You’ve heard about monsters being unleashed and wreaking havoc in New York? Well, Beth Wilmurt was just such a monster.
The San Francisco-based actor played a ferocious dragon in the final scenes of Beowulf: A Thousand Years of Baggage, the Shotgun Players/Banana Bag & Bodice musical that headed to New York after its award-winning birth in Berkeley.
Wilmurt replaced Cameron Galloway, who plays a starchy academic for most of the play then, at the end, turns into a dragon for one final battle scene with the warrior Beowulf. This was Wilmurt’s first New York performance experience, and she describes it as “a super-positive experience.”
“It felt like the best possible circumstances to be in New York,” she says. “I was there for about five weeks with one thing to concentrate on, this wonderful artistic experience. I had my days free during the run of the show, and during rehearsal I could go out at night and see shows. I saw a ton of theater and ran into a lot of people missing the Bay Area.”
Once she got home, Wilmurt didn’t have much time to dawdle before she was back in the rehearsal room, this time for the Bay Area premiere of Bob Glaudini’s Jack Goes Boating, a four-person romantic comedy that begins performances this week at Berkeley’s Aurora Theatre Company. The play, directed by Joy Carlin, is about two couples, one more established, played by Amanda Duarte and Gabriel Marin, and one just forming, played by Wilmurt and Danny Wolohan.
The 2007 play was originally part of the LAByrinth Theater Company season starring Philip Seymour Hoffman, who will direct the upcoming film version.
Wilmurt describes her character, Connie, as somewhat troubled. “I think she might even have some sort of diagnosed problem, though it’s never specified,” she says. “She’s dealing with issues, and Danny’s character, Jack, clearly has some, too. Here are two people in their late 30s/early 40s, and they’re facing a long-term relationship for the first time. Why hasn’t that happened thus far? There isn’t a lot of plot in the play, but there are obstacles. The obstacles are simple seeming, but they represent bigger obstacles for the individual.”
The role of Connie is somewhat similar to a role Wilmurt played in a previous Aurora outing, John Guare’s Bosoms and Neglect (seen above, with Wilmurt and Cassidy Brown), which Carlin also directed.
“Joy is an amazing actor, right? So it’s no surprise that she’s a really good director when it comes to getting inside a moment,” Wilmurt says. “She senses when a moment isn’t fully embodied and senses what the rhythm should be. She can get inside these micro-moments and help figure out the timing and depth of them. She can speak from the outside in, and she’s a great comedic actress.”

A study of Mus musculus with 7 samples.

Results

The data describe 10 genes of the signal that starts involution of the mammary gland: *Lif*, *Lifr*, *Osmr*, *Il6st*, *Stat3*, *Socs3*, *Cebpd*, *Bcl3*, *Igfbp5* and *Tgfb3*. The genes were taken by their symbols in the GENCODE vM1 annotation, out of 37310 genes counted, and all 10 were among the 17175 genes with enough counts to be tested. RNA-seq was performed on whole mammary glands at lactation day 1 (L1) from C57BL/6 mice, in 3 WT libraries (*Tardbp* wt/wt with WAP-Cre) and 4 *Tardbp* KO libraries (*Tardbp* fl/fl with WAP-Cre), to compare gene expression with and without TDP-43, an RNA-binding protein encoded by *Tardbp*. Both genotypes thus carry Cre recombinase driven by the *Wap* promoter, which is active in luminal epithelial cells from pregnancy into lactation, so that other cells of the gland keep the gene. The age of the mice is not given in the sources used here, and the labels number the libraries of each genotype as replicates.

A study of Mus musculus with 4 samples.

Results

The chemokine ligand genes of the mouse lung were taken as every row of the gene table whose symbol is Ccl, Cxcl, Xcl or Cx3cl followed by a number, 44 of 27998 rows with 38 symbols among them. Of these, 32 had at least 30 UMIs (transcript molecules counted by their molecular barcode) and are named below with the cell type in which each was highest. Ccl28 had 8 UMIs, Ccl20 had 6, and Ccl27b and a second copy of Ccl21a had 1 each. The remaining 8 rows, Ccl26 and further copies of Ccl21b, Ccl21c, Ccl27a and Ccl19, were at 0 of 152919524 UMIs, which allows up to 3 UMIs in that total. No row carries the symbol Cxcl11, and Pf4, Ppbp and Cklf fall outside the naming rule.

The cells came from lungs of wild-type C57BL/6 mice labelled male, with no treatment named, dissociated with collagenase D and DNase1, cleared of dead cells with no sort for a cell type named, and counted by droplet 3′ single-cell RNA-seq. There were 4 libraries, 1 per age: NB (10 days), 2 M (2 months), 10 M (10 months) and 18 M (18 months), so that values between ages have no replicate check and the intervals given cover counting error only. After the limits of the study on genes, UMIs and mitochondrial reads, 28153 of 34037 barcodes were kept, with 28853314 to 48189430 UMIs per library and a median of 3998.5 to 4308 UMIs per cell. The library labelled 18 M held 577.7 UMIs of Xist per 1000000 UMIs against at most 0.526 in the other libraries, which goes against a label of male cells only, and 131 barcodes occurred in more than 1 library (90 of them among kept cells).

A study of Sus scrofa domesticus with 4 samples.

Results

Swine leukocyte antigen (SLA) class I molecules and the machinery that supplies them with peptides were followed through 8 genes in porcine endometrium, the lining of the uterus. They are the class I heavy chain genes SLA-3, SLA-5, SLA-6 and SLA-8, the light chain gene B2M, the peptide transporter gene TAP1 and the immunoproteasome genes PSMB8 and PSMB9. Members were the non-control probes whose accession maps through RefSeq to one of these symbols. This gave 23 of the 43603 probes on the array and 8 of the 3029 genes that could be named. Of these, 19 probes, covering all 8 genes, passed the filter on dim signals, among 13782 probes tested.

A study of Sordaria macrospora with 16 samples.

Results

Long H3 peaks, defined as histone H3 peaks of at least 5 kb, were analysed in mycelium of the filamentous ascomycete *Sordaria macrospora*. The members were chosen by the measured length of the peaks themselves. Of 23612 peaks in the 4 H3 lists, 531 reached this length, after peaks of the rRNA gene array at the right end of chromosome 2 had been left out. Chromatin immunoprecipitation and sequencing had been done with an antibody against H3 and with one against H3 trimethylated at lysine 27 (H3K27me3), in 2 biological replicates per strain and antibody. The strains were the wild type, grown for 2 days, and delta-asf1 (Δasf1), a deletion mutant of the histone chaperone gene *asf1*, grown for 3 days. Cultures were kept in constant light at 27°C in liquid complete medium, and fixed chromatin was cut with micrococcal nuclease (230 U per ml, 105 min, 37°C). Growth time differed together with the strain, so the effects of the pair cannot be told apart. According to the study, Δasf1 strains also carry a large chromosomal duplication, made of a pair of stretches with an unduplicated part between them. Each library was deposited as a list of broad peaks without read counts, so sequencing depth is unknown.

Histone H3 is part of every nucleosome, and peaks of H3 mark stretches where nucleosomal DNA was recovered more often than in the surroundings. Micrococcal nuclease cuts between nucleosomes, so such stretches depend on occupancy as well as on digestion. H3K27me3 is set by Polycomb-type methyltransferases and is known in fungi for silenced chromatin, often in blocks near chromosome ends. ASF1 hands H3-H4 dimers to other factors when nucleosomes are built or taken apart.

Wilmurt is no slouch herself. The Bay Area native grew up in Dublin (in the Tri-Valley area, not Ireland) and began her performing career at the Willows Theatre in Concord and has worked consistently since doing musicals, musical revues, plays and productions of her own creation.
With her partner, Mark Jackson, she founded Art Street Theatre in 1995, which produced a show a year for about 10 years. Ask Wilmurt about her favorite theatrical memories –her time in Germany studying, creating and performing in theater and dance gets a shout out, but Art Street is at the top of the list.
“I have a ridiculous amount of great memories from Art Street,” she says. “We worked with a lot of the same people, and everyone had such amazing energy and enthusiasm. I certainly loved doing Io, Princess of Argos. I had an idea and started talking to Mark about combining Greek mythology and cabaret. We got Marcy Karr involved and just started writing it. We wrote the show and 15 songs in about four months. We didn’t preview it or workshop it. We just did it, whatever, flaws and all. Art Street was like our own little school because we were just moving forward and not worrying how things were received.”
Though completely immersed in Jack Goes Boating (and anticipating her next Shotgun show, Marcus Gardley and Molly Holm’s a cappella musical This World in a Woman’s Hands in the fall), Wilmurt is feeling that old Art Street itch to create new works.
“I’m really attracted to brand-new work,” she says. “I like the problem-solving aspect, the figuring out how it’s all going to work. I’ve worked with so many great companies and choreographers and directors, and I like all kinds of performance—musicals, plays, fringe, cabaret, dance – and I’m getting these ideas for plays. Should I be in them? Should I pitch them? Direct them? It’s that Art Street energy: gotta create a show!”
FOR MORE INFORMATION
Bob Glaudini’s Jack Goes Boating performs June 12-July 19 at the Aurora Theatre Company, 2081 Addison St., Berkeley. Tickets are $28-$42. Call 510-843-4822 or visit www.auroratheatre.org for information.